HART2207 Caravaggio and the Baroque
- 6 points
If this unit does not have an online alternative, then students who are presently unable to enter Western Australia and whose studies would be delayed by an inability to complete this unit, should contact the unit coordinator (details given on this page) to ascertain, on an individual case-by-case basis, if alternate arrangements can be made to support their study in this unit.
Availability Location Mode Semester 1 UWA (Perth) Face to face Predominantly face-to-face. On campus attendance required to complete this unit. May have accompanying resources online. Semester 1 UWA (Perth) Online timetabled 100% Online Unit. NO campus face-to-face attendance is required to complete this unit. All study requirements are online only. Unit includes some synchronous components, with a requirement for students to participate online at specific times.
- Details for undergraduate courses
- Level 2 option in the History of Art major sequence
- Level 2 elective
- In Italian art of the seventeenth century, things are never quite as they seem. Caravaggio's highly naturalistic paintings merge biblical figures with local prostitutes and beggars; the sculptor Bernini turns hard marble into soft flesh and stillness into motion; Borromini's buildings appear to pulsate and envelope their visitors; and heaven and earth converge in vast ceiling paintings of palaces and churches. Besides such illusions, the Baroque revels in drama. Art no longer needs to be aesthetically pleasing - it can be ugly or horrific in its quest to provoke strong emotions. It is a period of innovation, producing the first feminist artist and the first global style. Yet it also is the first period fully aware of the history of art, bringing about changes in collecting and theorising art that reverberate into the nineteenth century. This unit examines Baroque art and architecture in the context of major historical developments, such as the Catholic Counter-Reformation and early colonialism. It also studies contemporary art theory through the prism of its arguable most iconic artist, the Italian painter Michelangelo Merisi da Caravaggio.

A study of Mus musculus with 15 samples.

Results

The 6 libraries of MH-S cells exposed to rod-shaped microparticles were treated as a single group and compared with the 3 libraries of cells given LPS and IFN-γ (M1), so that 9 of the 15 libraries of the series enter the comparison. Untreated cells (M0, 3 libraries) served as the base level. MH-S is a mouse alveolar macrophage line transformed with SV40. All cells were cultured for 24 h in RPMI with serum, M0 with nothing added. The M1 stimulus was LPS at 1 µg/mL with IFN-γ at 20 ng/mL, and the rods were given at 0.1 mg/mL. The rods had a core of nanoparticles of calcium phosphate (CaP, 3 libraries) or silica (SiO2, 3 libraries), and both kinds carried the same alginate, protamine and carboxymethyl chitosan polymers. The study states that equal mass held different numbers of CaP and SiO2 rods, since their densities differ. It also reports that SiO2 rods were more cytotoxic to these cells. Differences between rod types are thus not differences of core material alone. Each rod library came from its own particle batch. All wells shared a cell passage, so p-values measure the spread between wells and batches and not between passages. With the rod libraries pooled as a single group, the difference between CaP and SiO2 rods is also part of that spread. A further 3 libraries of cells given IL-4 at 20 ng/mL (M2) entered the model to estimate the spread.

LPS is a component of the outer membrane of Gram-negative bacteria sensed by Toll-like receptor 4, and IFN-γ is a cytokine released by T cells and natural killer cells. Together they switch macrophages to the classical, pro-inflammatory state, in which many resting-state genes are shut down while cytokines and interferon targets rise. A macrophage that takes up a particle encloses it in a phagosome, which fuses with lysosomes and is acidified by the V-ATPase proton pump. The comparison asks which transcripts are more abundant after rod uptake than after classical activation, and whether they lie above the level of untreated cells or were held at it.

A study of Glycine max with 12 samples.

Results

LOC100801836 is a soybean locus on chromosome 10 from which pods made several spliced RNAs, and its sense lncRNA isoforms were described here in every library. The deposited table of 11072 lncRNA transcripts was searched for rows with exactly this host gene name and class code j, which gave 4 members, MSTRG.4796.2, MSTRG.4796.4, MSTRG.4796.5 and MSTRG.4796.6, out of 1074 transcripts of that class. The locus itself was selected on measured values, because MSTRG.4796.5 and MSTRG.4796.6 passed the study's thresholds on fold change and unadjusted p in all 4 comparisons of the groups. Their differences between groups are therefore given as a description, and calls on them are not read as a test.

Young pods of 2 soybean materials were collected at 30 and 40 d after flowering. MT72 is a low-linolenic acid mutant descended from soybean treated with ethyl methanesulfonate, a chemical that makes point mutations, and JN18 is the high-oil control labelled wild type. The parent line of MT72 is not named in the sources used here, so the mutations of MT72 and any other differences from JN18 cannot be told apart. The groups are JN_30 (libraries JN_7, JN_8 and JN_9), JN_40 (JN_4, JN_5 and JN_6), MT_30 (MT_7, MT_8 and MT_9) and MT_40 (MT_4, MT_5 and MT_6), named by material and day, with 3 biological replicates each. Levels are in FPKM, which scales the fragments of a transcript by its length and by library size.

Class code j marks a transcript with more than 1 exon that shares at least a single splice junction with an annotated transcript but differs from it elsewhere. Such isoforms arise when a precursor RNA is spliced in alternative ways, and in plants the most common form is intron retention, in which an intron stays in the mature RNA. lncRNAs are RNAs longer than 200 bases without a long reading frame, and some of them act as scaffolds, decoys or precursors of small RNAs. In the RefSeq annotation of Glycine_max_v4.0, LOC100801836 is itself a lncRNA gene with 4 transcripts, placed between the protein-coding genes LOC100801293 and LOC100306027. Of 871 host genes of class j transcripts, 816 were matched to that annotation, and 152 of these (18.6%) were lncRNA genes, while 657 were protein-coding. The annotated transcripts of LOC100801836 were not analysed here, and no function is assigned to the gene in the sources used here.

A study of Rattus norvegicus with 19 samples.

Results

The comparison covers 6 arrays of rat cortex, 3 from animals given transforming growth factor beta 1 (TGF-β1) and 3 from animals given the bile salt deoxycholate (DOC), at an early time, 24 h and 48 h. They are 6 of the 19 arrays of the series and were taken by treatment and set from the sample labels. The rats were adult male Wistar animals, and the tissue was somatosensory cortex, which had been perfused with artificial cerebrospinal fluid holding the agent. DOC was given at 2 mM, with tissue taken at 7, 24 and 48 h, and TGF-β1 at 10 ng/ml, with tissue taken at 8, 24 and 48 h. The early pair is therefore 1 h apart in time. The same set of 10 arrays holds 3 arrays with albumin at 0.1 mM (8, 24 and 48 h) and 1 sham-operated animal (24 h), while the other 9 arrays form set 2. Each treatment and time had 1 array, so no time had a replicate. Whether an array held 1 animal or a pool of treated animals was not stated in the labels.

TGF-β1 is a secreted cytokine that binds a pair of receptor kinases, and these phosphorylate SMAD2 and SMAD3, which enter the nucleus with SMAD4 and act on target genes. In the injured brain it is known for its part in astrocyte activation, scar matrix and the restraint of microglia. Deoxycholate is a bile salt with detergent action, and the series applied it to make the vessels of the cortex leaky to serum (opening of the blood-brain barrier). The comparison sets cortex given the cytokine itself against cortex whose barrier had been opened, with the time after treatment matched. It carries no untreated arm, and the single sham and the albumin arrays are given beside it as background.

- Students are able to (1) demonstrate oral communication and interpersonal skills; (2) analyse formal and technical qualities of Mannerist and Baroque artworks; (3) place artworks in cultural and historical contexts of central and southern Europe in the late sixteenth and seventeenth centuries and demonstrate an understanding of how artworks can mediate social or cultural meaning; (4) apply principles of argument in art historical discourse; and (5) apply research techniques in art historiography.
- Indicative assessments in this unit are as follows: (1) short essay; (2) long essay; and (3) oral assessment. Further information is available in the unit outline.
Supplementary assessment is not available in this unit except in the case of a bachelor's pass degree student who has obtained a mark of 45 to 49 overall and is currently enrolled in this unit, and it is the only remaining unit that the student must pass in order to complete their course.
- Unit Coordinator(s)
- Dr Susanne Meurer
- Unit rules
- Contact hours
- lectures: 2 hours per week; tutorials: 1 hour per week
- The availability of units in Semester 1, 2, etc. was correct at the time of publication but may be subject to change.
- All students are responsible for identifying when they need assistance to improve their academic learning, research, English language and numeracy skills; seeking out the services and resources available to help them; and applying what they learn. Students are encouraged to register for free online support through GETSmart; to help themselves to the extensive range of resources on UWA's STUDYSmarter website; and to participate in WRITESmart and (ma+hs)Smart drop-ins and workshops.
- Unit readings, including any essential textbooks, are listed in the unit outline for each unit, one week prior the commencement of study. The unit outline will be available via the LMS and the UWA Handbook one week prior the commencement of study. Reading lists and essential textbooks are subject to change each semester. Information on essential textbooks will also be made available on the Essential Textbooks. This website is updated regularly in the lead up to semester so content may change. It is recommended that students purchase essential textbooks for convenience due to the frequency with which they will be required during the unit. A limited number of textbooks will be made available from the Library in print and will also be made available online wherever possible. Essential textbooks can be purchased from the commercial vendors to secure the best deal. The Student Guild can provide assistance on where to purchase books if required. Books can be purchased second hand at the Guild Secondhand bookshop (second floor, Guild Village), which is located on campus.